Research Examines Role of Truck Drivers in HIV/AIDS Along Routes in Africa
Research presented this week at the XVII International AIDS Conference in Mexico City examined the role of truck drivers in the spread of HIV/AIDS in Africa, IRIN/Plus News reports.
Alan Ferguson, a researcher at Constella Futures, and colleagues conducted a study that examined HIV vulnerability along the transport corridor linking Kenya's port city of Mombasa to Kampala, Uganda. Along this route, the researchers found that truckers accounted for 30% of the clients of female commercial sex workers. In a similar study, conducted along the route from Kampala to Juba, Sudan, researchers found that truck drivers accounted for 28% of clients of commercial sex workers and that other clients came from a broad range of occupations.
According to the Constella Futures study, about 2,400 trucks park overnight between Mombasa and the Ugandan border at 39 highway stops, which attract approximately 5,600 commercial sex workers. In addition, studies have found that many road transportation workers engage in unprotected sex, IRIN/Plus News reports.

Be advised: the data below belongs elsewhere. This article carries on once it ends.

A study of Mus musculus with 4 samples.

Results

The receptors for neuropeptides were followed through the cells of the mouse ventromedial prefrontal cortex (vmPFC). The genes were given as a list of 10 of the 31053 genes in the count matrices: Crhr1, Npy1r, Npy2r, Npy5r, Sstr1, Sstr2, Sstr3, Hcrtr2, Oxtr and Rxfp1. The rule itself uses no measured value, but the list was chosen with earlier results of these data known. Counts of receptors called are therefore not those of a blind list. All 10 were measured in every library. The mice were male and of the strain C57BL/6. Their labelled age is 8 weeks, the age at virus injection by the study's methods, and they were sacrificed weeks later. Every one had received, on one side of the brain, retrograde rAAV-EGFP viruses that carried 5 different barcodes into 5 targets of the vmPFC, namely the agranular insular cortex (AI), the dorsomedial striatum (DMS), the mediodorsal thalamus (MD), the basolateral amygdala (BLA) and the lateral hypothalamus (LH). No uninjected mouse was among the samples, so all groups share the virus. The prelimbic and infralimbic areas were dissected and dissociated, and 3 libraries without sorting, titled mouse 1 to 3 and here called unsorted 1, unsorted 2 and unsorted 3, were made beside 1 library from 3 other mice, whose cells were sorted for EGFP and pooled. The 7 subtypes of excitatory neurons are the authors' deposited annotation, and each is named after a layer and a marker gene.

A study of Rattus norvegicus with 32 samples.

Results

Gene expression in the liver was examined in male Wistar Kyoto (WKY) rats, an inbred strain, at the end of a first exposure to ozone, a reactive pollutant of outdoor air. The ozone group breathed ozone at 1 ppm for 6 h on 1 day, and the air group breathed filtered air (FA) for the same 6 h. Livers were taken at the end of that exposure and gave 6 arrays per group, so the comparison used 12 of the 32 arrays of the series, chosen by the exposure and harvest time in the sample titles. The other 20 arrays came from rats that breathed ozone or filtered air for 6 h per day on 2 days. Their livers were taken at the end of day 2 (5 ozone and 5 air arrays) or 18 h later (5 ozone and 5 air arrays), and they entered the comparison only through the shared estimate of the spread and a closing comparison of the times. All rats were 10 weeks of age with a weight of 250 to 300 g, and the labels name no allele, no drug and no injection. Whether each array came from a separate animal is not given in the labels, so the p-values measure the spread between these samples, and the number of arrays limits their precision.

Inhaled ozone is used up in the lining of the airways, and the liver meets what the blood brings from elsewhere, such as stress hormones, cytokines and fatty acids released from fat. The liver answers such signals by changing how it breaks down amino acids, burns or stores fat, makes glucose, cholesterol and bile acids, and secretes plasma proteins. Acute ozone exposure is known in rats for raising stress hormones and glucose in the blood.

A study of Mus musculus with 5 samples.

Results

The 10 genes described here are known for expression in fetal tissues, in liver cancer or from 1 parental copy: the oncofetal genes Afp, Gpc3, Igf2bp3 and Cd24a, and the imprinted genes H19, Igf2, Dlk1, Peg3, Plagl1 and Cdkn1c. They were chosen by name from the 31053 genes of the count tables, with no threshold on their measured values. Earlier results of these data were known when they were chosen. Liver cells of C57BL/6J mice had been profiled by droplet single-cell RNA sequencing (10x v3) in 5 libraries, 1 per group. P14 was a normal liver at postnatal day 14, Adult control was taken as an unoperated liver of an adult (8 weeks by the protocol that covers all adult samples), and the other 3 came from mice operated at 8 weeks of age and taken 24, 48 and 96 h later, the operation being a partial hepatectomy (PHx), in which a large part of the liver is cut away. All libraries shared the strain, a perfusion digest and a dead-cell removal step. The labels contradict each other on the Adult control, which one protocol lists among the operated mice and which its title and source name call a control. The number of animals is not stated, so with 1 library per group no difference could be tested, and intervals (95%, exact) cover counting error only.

According to Ferguson, HIV/AIDS awareness programs need to "go beyond" truckers and involve communities surrounding highway stops. The HIV/AIDS Corridor Project -- a regional initiative supported by UNAIDS, the World Bank and USAID -- targets people using the highway between Abidjan, Cote D'Ivoire, and Lagos, Nigeria. Justin Koffi, executive director of the project, said that West African communities surrounding border posts are just as vulnerable to HIV as truck drivers and commercial sex workers. Koffi added that studies have found that HIV prevalence in border communities is two times higher than national averages, but awareness programs remain weak in these regions. Asif Altaf, HIV/AIDS project coordinator for the International Transport Workers' Federation, added that prevention programs need to address the families of truck drivers, "otherwise the cycle will continue."
United Nations Special Envoy for HIV/AIDS in Africa Elizabeth Mataka warns against blaming truck drivers for the spread of HIV, noting that poor working conditions make drivers vulnerable. Altaf added that truck drivers receive low wages and work alone for long periods of time away from home. In addition, drivers often experience long delays while waiting for customs to clear goods at national borders. According to Altaf, in such instances sex can be a means of coping (IRIN/Plus News, 8/4).
Kaisernetwork.org is the official webcaster of the XVII International AIDS Conference in Mexico City. Click here to sign up for your Daily Update e-mail during the conference.